October 16, 2017

The Boys of Elsinore


Last month I finished the novel I have been intermittently working on since 1997 and predictably went into a slump. I experienced a 53,000-word hole in my psyche, which along with paying too much attention to the news roiled my nervous system. So what did I do to cope? I brought two feral kittens into the house.

Hamlet and Laertes

I knew the definition of feral but I had never experienced the difference between feral and fostered. I tricked myself into visiting Seattle Area Feline Rescue by saying I was only going to see what the facility looked like.

“This will be my fourth set of kittens,” I said as I confidently filled out paperwork.

I wanted two males because Artemis, my 13 year old cat, was used to being with boys and because I already knew I was going to call them Hamlet and Laertes. I met them: one orange tabby and one black, sequestered with a couple of outgoing females. The orange one was slightly less frightened than the black one but neither one of them was eager to be picked up and cuddled.

“Were they fostered?” I asked.

“They were trapped.”

Yikes. The seedy underbelly of homeless cat society.

Their starter home was the loft that serves as my guest room.  They hid in corners and behind the bed when I came bearing gifts of food, water and toys, beaming with goodwill and welcome. My three earlier pairs of kittens had only run from me after they linked the presence of the cat carrier with trips to the vet.

In addition to kittens who were terrified of me, I had to contend with a cat who made it clear I had betrayed a sacred trust. Artemis spent a lot of time in the sun room during the first week the interlopers were in residence. In fairness, she spends a lot of time out there anyway, mostly sleeping, but now she was sleeping in odd positions due to the giant chip on her shoulder.

“Come sleep, thou certain knot of peace.”
Artemis in Denial

I brought the kittens home on a Friday. By Saturday evening I was thinking this wasn’t working out as a life-affirming way to fill the 53,000-word hole in my psyche. Do you know how demoralizing it is to have animals running away from you all the time when all you want to do is love them? By Sunday I was crying at the cash register of All the Best pet care. Thanks to the lovely woman who sold me the feline calming device –though it’s an open question as to who actually needed a calming device–and who gave me a bag of samples along with such encouragement that I decided I wouldn’t run away from home after all.

There was an immediate problem with their names. I had originally named the orange one Hamlet and the black one Laertes. My friend Nancy who has taught line-by-line readings of Hamlet to college students suggested I had them backwards. I only had to look at the photograph to know she spoke truth. There was the dark prince Hamlet, receding as though hiding behind the arras, suspicious of everyone and everything. There was the more out-going, orange Laertes. I could imagine him patiently putting up with his bloviating parent (that would be me, I guess) while snickering privately with his sibling.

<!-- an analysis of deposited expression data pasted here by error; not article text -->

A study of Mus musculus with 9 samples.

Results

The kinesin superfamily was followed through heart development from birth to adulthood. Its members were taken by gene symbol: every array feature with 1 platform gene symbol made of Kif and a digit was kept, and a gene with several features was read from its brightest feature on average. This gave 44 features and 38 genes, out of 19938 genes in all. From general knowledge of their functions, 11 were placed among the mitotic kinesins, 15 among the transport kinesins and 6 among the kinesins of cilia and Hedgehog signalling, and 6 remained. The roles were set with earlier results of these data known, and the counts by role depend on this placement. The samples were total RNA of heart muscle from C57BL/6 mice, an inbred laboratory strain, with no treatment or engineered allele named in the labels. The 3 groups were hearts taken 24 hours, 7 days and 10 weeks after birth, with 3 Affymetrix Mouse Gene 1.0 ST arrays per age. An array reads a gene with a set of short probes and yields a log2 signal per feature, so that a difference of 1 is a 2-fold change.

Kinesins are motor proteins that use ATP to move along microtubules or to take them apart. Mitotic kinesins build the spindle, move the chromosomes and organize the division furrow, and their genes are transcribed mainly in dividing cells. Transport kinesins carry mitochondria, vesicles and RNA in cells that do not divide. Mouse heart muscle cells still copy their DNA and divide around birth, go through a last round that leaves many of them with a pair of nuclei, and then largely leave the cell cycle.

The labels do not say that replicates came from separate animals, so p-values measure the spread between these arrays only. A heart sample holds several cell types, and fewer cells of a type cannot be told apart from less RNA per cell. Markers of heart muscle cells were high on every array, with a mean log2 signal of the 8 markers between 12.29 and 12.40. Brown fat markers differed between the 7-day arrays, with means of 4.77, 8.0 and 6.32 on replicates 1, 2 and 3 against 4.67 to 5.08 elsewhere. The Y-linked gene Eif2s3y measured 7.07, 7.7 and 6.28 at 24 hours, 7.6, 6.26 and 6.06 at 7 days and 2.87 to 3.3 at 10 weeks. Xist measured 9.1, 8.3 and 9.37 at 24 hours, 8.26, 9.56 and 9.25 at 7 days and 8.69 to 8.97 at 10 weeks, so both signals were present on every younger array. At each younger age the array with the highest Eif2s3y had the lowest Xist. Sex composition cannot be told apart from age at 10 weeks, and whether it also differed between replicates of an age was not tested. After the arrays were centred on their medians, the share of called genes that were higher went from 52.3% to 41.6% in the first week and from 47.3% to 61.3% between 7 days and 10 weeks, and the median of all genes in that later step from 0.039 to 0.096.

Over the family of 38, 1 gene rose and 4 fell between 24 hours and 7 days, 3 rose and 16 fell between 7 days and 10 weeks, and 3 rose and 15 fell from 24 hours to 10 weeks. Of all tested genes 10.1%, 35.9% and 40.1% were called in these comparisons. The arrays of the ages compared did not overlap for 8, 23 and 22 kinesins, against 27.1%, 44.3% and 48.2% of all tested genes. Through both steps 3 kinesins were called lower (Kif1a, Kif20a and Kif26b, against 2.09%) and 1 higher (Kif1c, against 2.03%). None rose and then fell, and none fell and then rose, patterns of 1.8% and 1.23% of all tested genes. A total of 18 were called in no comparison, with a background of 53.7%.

By the fifth day, I expanded the kittens’ territory. I opened up the stairway to the loft and blocked off an area on three fronts. Now they had some hallway and the bathroom to play in. I put an old window screen across one of the Pullman bathroom doors so I could see their curiosity pull them into a wider world.

More importantly so could Artemis see them through the screen. Up until that point, Artemis could smell them and hear them and this was her sole basis for lobbing guilt grenades at me. I watched her go through something like the stages of grief, beginning with disassociation. She sashayed through her day as though nothing extraordinary was going on until she saw one of the kittens through the screen. She’d rear up and hiss, the kitten would scamper out of sight and Artemis would immediately go back into her waltz of denial.

Here’s where we are three weeks out: the boys are living up to their namesakes. Laertes is cuddling and purring while Hamlet watches me suspiciously and only runs in terror about 50 per cent of the time. I have pushed their vet check-up forward three times because I have no confidence I can catch Hamlet.

I got tired of having to scale a wall to get into my own bathroom so I opened up the rest of house to the kittens during the day. The boys play in Elsinore Castle and Artemis sulks silently when she isn’t hissing at them. The kittens are curious about her but she’s not having any of it. Even so there’s been some progress: at least Artemis deigns to be in the same room with them and even watches them play.

The Boys of Elsinore

At night I close the kittens up in the loft where, among other things, a cat carrier sits open with a nice wool cushion inside and occasionally a dish of something enticing. The vet appointment is a month off.